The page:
In the cauldron of partisan politics, hyperbole is often substituted for reason and rational thought. It is done by both Democrats and Republicans.
Mike Kelly, a freshman Republican representing part of Warren County, has joined the cacophony of vitriolic rhetoric with remarks he made on Wednesday comparing a mandate that private insurance plans provide contraception coverage to the attack on Pearl Harbor and the terrorist attacks on Sept. 11, 2001.
How is he going to top that? Perhaps he will compare the administration's push for the expiration of tax reductions for the wealthiest Americans with the Holocaust, increased environmental regulations with the Inquisition.
In many sports where judges are called upon to score athletes' performances with subtle criteria - figure skating, for instance - the high and low scores are tossed out to prevent biased judges from throwing the competition.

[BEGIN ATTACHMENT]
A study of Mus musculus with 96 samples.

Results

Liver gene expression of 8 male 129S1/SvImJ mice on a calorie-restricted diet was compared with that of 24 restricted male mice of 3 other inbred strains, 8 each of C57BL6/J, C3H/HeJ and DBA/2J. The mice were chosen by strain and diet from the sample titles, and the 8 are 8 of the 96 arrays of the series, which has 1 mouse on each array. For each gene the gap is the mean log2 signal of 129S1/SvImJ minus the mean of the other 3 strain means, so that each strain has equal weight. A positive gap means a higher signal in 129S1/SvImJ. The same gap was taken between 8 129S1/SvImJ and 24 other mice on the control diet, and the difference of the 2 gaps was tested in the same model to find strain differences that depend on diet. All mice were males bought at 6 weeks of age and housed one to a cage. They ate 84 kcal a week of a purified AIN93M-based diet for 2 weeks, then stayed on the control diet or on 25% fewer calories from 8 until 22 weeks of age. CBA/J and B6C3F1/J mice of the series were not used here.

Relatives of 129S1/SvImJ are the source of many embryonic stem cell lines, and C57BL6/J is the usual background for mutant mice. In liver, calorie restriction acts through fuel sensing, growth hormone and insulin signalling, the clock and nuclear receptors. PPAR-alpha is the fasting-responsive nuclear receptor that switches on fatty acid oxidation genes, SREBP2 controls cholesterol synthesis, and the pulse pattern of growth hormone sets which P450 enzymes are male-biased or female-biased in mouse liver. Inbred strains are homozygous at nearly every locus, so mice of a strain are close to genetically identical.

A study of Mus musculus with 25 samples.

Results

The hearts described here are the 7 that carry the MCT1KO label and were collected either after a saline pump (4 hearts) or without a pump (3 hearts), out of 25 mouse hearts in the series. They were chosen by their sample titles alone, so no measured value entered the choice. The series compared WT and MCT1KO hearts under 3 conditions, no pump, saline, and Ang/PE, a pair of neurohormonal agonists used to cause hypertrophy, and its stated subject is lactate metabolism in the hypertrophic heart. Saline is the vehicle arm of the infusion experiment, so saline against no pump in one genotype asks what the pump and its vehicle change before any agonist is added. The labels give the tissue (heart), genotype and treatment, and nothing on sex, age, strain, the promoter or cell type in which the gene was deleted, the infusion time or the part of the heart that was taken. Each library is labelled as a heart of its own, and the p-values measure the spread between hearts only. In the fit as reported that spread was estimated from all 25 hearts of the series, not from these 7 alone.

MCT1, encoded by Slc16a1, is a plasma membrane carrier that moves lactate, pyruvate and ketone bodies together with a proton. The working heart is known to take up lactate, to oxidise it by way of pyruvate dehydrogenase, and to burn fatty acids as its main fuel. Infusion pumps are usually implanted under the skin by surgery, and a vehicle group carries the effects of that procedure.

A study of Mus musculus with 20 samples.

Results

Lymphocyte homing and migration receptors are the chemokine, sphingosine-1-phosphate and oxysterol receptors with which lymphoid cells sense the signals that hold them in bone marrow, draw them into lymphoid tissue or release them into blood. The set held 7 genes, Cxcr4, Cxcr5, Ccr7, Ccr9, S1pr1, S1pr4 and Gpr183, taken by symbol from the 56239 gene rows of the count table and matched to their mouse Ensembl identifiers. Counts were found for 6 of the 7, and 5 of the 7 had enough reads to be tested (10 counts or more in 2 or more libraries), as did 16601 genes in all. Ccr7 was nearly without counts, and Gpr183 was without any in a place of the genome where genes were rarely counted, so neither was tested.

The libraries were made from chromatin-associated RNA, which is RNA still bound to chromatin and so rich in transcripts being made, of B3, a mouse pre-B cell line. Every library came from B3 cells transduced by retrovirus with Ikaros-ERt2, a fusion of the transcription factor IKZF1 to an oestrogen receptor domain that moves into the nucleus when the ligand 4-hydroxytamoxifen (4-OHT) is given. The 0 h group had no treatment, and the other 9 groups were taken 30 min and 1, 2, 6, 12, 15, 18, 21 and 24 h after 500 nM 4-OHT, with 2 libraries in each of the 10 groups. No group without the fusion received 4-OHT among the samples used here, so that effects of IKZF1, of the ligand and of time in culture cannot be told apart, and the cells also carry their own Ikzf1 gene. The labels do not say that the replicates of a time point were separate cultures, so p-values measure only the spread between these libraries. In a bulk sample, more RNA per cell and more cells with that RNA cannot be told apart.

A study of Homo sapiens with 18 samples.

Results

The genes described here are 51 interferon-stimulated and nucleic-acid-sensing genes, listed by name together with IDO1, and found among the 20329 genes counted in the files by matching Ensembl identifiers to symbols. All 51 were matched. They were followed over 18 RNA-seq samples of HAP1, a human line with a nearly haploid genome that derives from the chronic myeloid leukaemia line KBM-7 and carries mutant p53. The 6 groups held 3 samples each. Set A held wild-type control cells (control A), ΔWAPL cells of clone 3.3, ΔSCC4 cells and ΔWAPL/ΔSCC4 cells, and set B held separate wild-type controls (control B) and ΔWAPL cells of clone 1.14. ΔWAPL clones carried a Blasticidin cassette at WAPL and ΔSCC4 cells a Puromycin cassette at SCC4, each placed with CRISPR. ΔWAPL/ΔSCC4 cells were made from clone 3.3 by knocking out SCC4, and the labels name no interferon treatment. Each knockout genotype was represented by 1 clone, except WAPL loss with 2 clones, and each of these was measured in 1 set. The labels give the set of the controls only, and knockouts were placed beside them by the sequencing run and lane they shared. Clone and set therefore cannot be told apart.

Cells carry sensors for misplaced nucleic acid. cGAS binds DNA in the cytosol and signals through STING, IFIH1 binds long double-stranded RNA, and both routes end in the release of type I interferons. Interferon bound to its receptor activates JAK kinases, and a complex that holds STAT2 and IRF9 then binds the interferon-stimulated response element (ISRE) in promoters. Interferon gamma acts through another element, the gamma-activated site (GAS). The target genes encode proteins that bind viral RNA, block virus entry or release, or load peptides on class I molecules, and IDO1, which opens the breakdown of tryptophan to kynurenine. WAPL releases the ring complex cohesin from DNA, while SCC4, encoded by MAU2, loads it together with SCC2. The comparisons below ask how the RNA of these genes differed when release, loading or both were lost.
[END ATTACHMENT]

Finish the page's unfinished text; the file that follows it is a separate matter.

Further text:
One hopes that reasonable people will throw out the bellicosity and the hyperbole on both sides and seek out the middle for some semblance of reason, some path by which an issue can be judged on merits rather than emotion.
What happens when politicians and activists make the kind of statements Kelly made on Wednesday and then reiterated on Thursday is that they undermine the position they are trying to advance. In the best case, a reasonable person will simply ignore them; in the worst case, turn away in disgust and be prompted to adopt the opposite view.
No matter how you feel about the health care law that was debated and voted on by the Congress and signed into law by the President, comparing a part of it to Pearl Harbor and 9/11 does a disservice to the thousands who died horribly in those events.
And, it disrespects the intelligence of the American people.